Green Bean Salad with DILL

It feels like spring when asparagus or green bean are fresh and plentiful in the grocery stores. If you live in a climate where dill overwinters or you have a “mother” plant that has come back once again in even greater size and glory, you might have something to harvest now. Let this post inspire a visit to the garden to take inventory of those herbs making an appearance. This is one of my go to recipes for unexpected guests. It dresses up a basic dinner of rice, green salad and protein.

Green Bean Salad With Dill

2 TBSP of capers

2 TBSP of finely chopped pickled/fermented red onion

3 TBSP of finely chopped fresh dill weed

Salt and pepper to taste

3 TBSP of olive oil

3 TBSP of the seasoned vinegar of your choice

3 cups of just cooked green beans. You will want to remove the ends before steaming and pay attention to that sweet spot when they are just done.

You can serve this side dish warm or chill it overnight to allow the flavors to blend and intensify. Mix all of the ingredients in a large bowl and stir well. Garnish will generous portions of dill weed.


Dill is typically an annual plant, sometimes biennial. It has a hollow, finely grooved stem that grows 1-3 feet high. This appears striped green with dull light blue areas. Leaves are bluish green, bipinnate, with filiform leaflets. Each leaf dilates at its base to wrap around and join the the stem as a sheath. The flowers are flat compound umbels of tiny yellow flowers that mature into narrow, oval, ribbed seeds.

Historically this plant has been used to treat colic, heartburn, hiccups, stomach cramps/ache, gas, low appetite, indigestion, diarrhea, insomnia, low breast milk supply, colds, flu/viruses, coughs/congested lungs, bad breath, and nightmares. It regulates metabolism, increases circulation and moves stagnation. It has been used as a wash externally to treat lice and hemorrhoids.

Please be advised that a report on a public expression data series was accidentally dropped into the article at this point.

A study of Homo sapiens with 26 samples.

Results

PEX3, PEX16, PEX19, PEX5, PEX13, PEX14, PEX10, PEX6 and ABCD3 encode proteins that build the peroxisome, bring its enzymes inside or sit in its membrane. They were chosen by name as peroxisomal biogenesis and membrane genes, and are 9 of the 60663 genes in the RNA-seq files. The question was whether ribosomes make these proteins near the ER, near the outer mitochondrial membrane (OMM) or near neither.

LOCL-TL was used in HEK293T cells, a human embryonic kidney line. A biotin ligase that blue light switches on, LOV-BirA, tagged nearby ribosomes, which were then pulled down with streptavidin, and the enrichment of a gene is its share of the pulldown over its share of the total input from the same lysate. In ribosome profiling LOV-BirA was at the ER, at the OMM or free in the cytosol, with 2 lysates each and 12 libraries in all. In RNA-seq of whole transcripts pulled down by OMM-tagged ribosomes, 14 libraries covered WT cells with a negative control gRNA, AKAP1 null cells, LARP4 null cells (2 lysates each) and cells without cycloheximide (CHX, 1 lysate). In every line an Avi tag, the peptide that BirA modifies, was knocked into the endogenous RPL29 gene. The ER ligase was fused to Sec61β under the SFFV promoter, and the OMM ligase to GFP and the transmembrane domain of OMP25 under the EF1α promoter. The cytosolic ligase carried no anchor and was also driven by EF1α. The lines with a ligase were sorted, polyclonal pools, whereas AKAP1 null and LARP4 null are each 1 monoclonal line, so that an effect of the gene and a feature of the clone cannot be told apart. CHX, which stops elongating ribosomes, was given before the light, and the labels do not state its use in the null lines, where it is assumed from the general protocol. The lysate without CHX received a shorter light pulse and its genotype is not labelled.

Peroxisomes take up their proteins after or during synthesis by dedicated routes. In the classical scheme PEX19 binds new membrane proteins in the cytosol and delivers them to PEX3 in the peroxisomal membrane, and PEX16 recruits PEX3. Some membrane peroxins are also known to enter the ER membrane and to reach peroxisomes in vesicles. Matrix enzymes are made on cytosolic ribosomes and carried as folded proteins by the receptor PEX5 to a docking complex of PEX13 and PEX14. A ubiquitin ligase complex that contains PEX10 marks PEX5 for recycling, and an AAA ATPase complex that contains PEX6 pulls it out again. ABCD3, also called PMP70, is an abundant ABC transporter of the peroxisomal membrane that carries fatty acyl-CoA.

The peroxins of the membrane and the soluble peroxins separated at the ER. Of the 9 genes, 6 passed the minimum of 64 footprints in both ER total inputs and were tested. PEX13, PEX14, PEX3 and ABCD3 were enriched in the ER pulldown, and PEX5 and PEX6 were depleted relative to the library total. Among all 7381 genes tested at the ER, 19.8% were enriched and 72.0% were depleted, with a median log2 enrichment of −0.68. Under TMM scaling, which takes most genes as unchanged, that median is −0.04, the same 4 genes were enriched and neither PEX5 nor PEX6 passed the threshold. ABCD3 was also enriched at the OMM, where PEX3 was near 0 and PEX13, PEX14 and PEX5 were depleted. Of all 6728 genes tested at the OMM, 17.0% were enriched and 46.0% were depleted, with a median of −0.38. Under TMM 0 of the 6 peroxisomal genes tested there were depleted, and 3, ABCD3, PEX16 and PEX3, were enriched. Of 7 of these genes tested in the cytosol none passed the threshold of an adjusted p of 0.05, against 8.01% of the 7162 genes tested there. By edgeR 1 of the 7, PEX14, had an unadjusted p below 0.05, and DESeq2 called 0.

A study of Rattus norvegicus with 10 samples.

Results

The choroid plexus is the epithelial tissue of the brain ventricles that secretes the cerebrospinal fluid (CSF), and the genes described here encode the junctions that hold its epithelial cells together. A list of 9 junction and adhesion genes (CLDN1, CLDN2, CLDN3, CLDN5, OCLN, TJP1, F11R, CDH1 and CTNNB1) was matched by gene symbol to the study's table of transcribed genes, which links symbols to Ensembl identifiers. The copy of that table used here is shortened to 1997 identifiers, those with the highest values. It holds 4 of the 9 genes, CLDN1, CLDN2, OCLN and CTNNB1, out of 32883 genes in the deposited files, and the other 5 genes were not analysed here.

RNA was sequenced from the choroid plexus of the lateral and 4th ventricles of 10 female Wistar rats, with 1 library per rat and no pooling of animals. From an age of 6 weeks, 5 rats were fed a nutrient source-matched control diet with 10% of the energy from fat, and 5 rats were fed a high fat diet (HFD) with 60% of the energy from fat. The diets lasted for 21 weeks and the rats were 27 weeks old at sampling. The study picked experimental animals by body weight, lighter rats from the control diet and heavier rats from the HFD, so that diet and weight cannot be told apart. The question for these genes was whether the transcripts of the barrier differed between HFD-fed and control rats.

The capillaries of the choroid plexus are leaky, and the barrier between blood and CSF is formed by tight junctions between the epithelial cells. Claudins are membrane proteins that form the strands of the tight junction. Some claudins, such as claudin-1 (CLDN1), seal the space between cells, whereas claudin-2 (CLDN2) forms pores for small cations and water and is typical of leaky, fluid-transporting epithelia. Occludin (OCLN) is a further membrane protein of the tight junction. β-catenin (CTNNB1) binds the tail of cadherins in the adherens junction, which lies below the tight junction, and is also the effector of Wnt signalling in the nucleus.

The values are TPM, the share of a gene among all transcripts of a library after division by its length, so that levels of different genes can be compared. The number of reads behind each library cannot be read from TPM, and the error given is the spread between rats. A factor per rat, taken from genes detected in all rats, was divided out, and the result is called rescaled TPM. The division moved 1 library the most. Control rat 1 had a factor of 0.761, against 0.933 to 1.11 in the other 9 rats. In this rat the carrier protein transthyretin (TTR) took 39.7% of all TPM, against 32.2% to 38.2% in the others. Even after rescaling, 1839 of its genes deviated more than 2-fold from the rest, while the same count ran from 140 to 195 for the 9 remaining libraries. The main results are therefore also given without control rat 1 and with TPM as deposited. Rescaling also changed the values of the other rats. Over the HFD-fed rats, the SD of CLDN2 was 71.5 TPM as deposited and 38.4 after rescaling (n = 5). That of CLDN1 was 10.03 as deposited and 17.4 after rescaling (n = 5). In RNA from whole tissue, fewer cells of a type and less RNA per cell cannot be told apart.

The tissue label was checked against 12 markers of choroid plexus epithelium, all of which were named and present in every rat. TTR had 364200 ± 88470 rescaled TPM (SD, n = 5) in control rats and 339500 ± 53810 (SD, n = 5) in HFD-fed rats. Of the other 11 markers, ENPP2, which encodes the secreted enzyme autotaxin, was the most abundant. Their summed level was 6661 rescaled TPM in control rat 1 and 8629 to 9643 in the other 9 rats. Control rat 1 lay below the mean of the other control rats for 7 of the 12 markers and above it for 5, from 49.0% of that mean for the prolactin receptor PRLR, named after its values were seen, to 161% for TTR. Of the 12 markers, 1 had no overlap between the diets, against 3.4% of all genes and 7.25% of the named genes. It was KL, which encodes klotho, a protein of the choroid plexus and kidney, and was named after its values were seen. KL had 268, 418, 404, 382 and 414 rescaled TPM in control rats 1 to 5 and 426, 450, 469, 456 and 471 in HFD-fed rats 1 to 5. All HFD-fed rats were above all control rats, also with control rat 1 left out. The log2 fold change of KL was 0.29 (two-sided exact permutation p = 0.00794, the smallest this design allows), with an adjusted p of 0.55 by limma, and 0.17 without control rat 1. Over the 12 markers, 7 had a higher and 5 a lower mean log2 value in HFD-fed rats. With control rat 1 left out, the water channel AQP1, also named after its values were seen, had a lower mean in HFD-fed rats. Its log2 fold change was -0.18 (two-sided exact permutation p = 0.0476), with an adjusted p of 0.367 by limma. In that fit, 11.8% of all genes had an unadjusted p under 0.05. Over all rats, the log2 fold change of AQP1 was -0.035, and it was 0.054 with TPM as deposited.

Latin name: Anethum graveolens

Botanical family: Umbelliferae/Apiaceae (parsley, carrot)

Parts Used: leaves/tops, flowers, seeds

Energetics: pungent/spicy, bitter, warm

Element: fire/air

Spiritual/Emotional uses: Supports the ability to let go and make a new start in life. Allows us to have a fresh point view and generate innovative ideas. Brings clarity, focus, optimism, energy, and attention to goals and projects that are in their beginning stages.

Contraindications: Although mild enough to use with infants, this plant should not be used medicinally in pregnancy due to its high levels of volatile oils.

This blog is a lot of work. I have to remind myself of the true return I continue to get from doing it. I am forced to research, learn, and be creative when it comes to the more “humble” plants around me. As I find more ways to use what grows in my backyard as food or medicine, I support the values that I hold dear. I model a lifestyle that is local, affordable, environmental, and sustainable. My knowledge base continues to grow and expand. After more than 40 years I am still surprised when I make an important new discovery.

Published by blackbirdsbackyard

My backyard botanical pharmacy is located in Boulder Colorado. I began studying herbal medicinewhen I was 12 years old. In college I studied subjects like anthropology, microbiology, anatomy and physiology, After graduation I decided to go to midwifery school. I attended births and had a small practice until I retired early in order to be a mother full time. I have always had an herb garden, gathered plants and made my own healing formulas with plants. Over the last 30 years there have been many teachers and I have attended dozens of workshops. I am one of those people who is always reading, studying and learning. In 2019 I was called to practice as an herbalist professionally, using "plant spirit medicine" and bio-energetic ( 5 element)healing techniques. I feel that there is a big need in the community for my skills and talents. I hope to inspire others to start their own backyard pharmacies as a solution to species extinction and the healthcare crisis in America. Healing has also become a spiritual practice and way for me to feel balanced and connected with nature. I consult with clients in person, teach classes (adults and kids), give tours of my garden and offer apprenticeships. Health, joy, meaning, and support are everyone's birthright.